Strengthen Family and Medical Leave Act by allowing Americans paid time off work

It wasn’t so long ago that trying to get time off could get you fired.

That’s what I learned from Eva Bunnell when I met her at church in East Haddam, Conn., in 1989. Eva’s daughter Jacinta had been born with a rare brain disease and was fighting for her life in the ICU. Her husband asked his employer for time off to be at the side of his wife and baby. And he was told to never come back — leaving the family without an income, without health insurance, and almost without hope.

Fortunately, doctors were able to save Eva’s daughter. But the sad truth is that, before the Family and Medical Leave Act (FMLA), stories like Eva’s were a fact of American working life. New mothers would return to work after the birth of their child to find that they had been replaced; a husband could face demotion if he stayed home to care for his ailing wife.

This Feb. 5 is the FMLA’s 15th anniversary. And it’s worth looking back at its history — not to pat ourselves on the back, but to remind ourselves of how much remains to be done.

Soon after I was elected to the Senate in the early 1980s, I began working to reform a system that forced Americans to choose between caring for their families and providing for them. I authored the FMLA in 1985, and I fought for its passage through eight years of obstruction and two presidential vetoes. Stories like Eva’s only made me work harder.

It never ceases to amaze me that such a common-sense notion as family leave sparked such fierce criticism. The idea was hardly on paper before the special interests were out in full force, declaring guaranteed leave a big-government intrusion that would cost businesses millions of dollars in lost time.

Through five Congresses and two presidents, I rebutted that criticism as best I could. I cited studies showing that guaranteed leave would cost employers just pennies per worker per day. And I showed that, in denying such a basic protection, America was virtually alone among nations, industrialized or otherwise.

Finally, on Feb. 5, 1993, the Family and Medical Leave Act was signed into law — the first bill President Clinton signed.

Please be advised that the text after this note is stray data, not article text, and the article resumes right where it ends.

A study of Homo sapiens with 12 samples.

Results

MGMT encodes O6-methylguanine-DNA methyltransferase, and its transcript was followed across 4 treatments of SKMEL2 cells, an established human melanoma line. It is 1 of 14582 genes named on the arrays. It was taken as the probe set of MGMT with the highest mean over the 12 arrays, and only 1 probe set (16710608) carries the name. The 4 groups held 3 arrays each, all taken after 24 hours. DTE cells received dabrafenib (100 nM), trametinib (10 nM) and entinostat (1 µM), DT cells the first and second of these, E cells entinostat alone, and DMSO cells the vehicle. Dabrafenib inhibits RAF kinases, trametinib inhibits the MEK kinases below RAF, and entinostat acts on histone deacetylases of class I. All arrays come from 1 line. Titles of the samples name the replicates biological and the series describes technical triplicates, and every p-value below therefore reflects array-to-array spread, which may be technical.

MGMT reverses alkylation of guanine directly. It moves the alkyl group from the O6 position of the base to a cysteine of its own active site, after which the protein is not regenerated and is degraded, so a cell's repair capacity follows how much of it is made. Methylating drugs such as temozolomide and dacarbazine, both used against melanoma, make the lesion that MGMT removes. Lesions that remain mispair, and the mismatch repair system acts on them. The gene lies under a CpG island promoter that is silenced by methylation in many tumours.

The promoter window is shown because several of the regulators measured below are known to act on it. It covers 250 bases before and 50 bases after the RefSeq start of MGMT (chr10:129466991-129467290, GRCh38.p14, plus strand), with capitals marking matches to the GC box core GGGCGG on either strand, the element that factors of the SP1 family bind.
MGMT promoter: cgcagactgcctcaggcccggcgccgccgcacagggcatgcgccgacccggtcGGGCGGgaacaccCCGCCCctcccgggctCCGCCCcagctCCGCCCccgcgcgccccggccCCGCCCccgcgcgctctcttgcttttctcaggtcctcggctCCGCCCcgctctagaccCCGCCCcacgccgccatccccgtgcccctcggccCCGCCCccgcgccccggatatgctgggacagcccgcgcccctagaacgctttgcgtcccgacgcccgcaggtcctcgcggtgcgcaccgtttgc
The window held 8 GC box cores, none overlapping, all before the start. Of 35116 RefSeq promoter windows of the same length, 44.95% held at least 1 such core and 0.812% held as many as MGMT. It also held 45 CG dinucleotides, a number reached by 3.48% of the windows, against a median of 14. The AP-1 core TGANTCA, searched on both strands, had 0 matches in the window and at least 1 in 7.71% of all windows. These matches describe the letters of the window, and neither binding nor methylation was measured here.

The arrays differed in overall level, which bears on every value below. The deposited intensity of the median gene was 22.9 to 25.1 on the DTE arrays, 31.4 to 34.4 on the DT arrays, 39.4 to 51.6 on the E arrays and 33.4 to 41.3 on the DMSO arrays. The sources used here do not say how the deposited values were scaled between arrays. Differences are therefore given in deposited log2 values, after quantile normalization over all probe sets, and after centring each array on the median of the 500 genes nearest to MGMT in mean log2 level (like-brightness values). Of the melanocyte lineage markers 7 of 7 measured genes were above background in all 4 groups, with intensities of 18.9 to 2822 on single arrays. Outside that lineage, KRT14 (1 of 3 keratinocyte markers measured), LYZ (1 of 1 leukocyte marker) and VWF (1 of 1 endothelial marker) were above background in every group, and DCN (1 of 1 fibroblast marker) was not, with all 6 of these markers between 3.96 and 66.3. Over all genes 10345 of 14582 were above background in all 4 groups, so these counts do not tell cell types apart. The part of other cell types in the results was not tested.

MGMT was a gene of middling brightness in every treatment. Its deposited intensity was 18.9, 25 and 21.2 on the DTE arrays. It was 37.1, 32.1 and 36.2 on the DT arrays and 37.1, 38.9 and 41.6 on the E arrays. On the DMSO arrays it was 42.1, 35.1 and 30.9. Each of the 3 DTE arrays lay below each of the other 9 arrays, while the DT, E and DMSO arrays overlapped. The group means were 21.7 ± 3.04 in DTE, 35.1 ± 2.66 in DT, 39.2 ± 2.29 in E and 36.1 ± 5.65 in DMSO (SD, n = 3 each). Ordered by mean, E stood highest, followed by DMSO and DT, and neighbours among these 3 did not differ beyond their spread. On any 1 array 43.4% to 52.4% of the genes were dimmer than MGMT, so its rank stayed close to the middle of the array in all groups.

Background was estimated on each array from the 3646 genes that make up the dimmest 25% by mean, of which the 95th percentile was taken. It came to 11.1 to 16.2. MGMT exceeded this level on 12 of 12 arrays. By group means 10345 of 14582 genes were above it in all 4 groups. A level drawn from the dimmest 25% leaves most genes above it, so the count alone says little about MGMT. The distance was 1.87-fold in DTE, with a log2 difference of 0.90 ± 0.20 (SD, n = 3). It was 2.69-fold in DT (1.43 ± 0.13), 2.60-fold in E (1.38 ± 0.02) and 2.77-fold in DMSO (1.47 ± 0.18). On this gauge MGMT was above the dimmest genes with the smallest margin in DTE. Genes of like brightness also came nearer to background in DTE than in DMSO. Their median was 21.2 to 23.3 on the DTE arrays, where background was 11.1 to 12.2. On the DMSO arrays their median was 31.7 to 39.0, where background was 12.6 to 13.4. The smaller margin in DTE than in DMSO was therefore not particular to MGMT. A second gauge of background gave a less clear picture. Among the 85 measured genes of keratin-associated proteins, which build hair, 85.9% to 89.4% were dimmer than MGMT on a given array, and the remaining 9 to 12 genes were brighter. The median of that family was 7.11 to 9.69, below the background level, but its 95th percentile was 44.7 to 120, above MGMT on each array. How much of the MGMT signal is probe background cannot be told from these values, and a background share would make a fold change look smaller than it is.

Under its protection, eligible workers receive 12 weeks of leave every year, so that they can watch over a newborn or adopted baby, or help a parent through an illness, or get better themselves, knowing that their job will be there for them when they return. To date, more than 50 million Americans have taken that opportunity.

The dire predictions of the FMLA bringing about economic disaster turned out to be totally unfounded: With lower turnover and a boost to morale, 90 percent of employers told the Department of Labor that the FMLA had a neutral or positive effect on profits.

The benefits to children and families have been just as marked. When parents can be there for their sick children, they recover faster, avoid more serious illness, and stay healthier. Family leave makes it more likely that children will be immunized, encourages mothers to breastfeed longer, and means more time for parent-child interaction.

Today, the idea of guaranteed leave seems obvious, but now, we face a new and equal challenge: making that hard-won leave a possibility for all Americans. In the 21st century, working families should not have to give up the leave they earned because they cannot afford it — they deserve paid leave.

Why do we offer nothing, when the European standard is 10 paid months? Why are we one of only four countries in the world to deny paid maternity leave, leaving us in the august company of Swaziland, Lesotho, and Papua New Guinea?

For every worker who can weather a day without pay, three more can’t afford the loss. To these workers, unpaid leave offers only an impossible choice between the family they love and the job they need. With more and more families living on two incomes, with more and more baby boomers caring for their aging parents, we need strong FMLA more than ever.

It’s time to bring paid leave to Americans — at least eight weeks of it. Last session, I introduced a bipartisan bill to secure it.

I’ve also worked to expand coverage to more families. There’s nothing harder than balancing a career and a family’s needs, and doing an admirable job at both; if we in Washington can help to ease the burden, I believe we ought to try.

As you can imagine, we’ll likely have another long fight on our hands. We can remember, though, what history has shown us: A good idea is worth it. Today’s consensus took years to build, and tomorrow’s won’t be any easier. But let’s begin.

Dodd is a member of the Senate Health, Education, Labor and Pensions Committee.